Third Time’s not Always the Charm
After several failed attempts, Robbie and I finally made it to see Spider-Man 3 last night.
I’m glad I saw it, and watched it on a big screen because it’s the kind of movie that deserves to be see big. Visually, it was a delight with better CGI webslinging and terrific Sandman effects.
I give Sam Raimi a lot of credit for keeping the major and minor cast intact for three films, which only enhances the experience for the audience. His eye for casting remains spot on with Thomas Hayden Church perfect as Flint Marko, Bryce Dallas Howard very Romita-esque as Gwen Stacy. Getting Cliff Robertson and Willem Dafoe back for cameos was also a lovely touch.
Still, it all comes down to story and this time, Raimi let us down. By trying to up the ante by adding Sandman and Venom to Spidey’s struggles with the Green Goblin, it became all too much which meant just about every character go short shrift. In the last film, Raimi added the brilliant comic book touch of starting subplots as Norma Osborn’s ghost influenced Harry and we got introduced to Curt Connors, knowing at some point we’d get the Lizard. And that’s what he should have done here by introducing Eddie Brock, maybe even the Venom symbiote, but saved them for Spidey 4.
Peter Parker remained way too reactive until the end, when he finally used his smarts to figure out how to stop Venom. For a brilliant guy, he sure seemed inept. Not only that, but his spider sense seemed to be absent from the entire film. Worse, was how Mary Jane was portrayed. Throughout the entire film she was a victim, someone to pitied and rescued, not the MJ we grew up loving. If I were Kirsten Dunst, I would have demanded an arc that made better sense.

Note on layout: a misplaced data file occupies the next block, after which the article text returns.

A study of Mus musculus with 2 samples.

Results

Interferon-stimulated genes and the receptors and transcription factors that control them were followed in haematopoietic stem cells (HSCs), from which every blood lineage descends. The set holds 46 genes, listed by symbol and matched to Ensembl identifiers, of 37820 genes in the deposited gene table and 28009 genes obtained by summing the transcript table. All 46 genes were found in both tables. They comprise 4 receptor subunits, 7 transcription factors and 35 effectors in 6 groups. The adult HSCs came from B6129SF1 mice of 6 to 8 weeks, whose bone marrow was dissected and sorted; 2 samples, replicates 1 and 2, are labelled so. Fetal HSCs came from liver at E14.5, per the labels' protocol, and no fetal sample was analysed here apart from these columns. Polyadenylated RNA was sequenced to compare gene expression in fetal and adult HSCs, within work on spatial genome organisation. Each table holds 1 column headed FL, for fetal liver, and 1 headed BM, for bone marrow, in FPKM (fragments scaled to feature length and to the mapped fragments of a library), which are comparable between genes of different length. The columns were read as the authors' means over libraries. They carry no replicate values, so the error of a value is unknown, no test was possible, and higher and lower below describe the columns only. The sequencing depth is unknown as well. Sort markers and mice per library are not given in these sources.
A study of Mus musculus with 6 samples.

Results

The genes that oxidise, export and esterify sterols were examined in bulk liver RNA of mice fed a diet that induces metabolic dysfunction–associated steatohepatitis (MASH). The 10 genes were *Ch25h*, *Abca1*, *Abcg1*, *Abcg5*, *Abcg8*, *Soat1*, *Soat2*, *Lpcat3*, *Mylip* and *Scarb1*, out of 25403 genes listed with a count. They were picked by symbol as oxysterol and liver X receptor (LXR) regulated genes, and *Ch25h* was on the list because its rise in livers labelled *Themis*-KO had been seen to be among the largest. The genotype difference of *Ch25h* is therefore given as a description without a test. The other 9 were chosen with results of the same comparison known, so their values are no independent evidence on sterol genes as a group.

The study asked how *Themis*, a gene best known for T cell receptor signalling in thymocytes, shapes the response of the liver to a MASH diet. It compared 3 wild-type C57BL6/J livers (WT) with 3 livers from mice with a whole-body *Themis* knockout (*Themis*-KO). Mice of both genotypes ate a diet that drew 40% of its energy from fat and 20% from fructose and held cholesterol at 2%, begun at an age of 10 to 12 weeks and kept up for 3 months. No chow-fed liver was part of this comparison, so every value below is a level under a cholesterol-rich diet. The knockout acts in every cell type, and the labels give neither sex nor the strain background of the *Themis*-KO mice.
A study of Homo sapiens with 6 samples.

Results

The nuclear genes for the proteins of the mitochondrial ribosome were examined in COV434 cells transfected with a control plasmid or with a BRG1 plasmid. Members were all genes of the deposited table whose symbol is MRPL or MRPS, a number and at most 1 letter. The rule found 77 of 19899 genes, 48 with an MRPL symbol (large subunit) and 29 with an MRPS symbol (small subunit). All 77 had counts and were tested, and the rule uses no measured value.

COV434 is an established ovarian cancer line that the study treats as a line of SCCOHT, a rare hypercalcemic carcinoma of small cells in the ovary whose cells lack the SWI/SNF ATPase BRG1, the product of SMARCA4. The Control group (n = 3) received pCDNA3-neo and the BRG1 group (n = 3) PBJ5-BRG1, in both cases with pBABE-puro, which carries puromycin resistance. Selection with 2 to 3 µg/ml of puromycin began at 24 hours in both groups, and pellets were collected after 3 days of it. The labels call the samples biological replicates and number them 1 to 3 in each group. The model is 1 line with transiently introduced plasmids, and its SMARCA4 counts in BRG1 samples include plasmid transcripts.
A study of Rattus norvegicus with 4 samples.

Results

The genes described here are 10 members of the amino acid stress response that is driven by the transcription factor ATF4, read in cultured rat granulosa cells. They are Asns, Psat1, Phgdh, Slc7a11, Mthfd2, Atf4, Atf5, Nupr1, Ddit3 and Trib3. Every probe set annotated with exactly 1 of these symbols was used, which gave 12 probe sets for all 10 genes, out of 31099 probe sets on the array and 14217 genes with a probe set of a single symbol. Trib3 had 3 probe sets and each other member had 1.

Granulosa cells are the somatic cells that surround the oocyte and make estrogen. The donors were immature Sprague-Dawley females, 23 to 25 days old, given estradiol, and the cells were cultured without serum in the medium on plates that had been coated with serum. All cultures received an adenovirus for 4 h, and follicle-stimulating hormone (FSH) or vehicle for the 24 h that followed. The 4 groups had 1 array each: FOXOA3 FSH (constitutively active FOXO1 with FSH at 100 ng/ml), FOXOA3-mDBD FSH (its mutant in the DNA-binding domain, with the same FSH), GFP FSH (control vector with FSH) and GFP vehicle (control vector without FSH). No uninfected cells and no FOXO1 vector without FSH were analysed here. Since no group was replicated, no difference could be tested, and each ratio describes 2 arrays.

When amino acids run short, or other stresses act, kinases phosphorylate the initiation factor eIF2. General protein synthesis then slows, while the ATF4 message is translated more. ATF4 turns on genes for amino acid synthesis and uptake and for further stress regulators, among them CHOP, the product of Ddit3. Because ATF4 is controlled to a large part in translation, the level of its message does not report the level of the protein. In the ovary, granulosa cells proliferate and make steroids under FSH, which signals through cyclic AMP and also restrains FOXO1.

Aunt May existed merely to act as the moral voice of the story. She literally would show up, say something pithy and walk off the set. I was more interested in Ursula, poor love-besotted young thing. And Harry’s butler…WTF? He had nothing to do or say through three films and suddenly has one key scene? Bad writing and set-up. Speaking of set-up, too often Raimi delivered on expectations rather than surprise and thrill the audience. We all knew that once Harry rejected Peter’s request for help, of course he would turn up just at the right moment. Geez, that trick hasn’t surprised us since Han came back to save Luke at the Death Star.
Speaking of the obvious: Spidey posing in front of the American flag was such a…Christopher Reeve…moment that it fell flat as did Stan’s cameo which felt tacked on.
The new characters were ill-defined. Who was Gwen and what did she see in Eddie Brock? Why was she even in the movie other than to make MJ miserable? And Captain Stacy, while well cast, had no real role and seemed shoehorned in. Marko’s desire for money to help his ill daughter was nice motivation but what on Earth changed his attitude so he had to step in and provide explication to Spidey while Harry lay dying? Also, he just drifts with the wind, leaving his daughter without the money she needed, and Spidey with a potentially dangerous foe on the loose. Spidey should have at least been seen telling a reporter or Captain Stacy about the girl so something could be done for her.
The movie needed shaping and sharpening, focusing more on the main characters and their stories while giving him a foe, allowing the threads to be woven, like a spider’s web, for subsequent films, whether Raimi, Maguire and Dunst returned or not.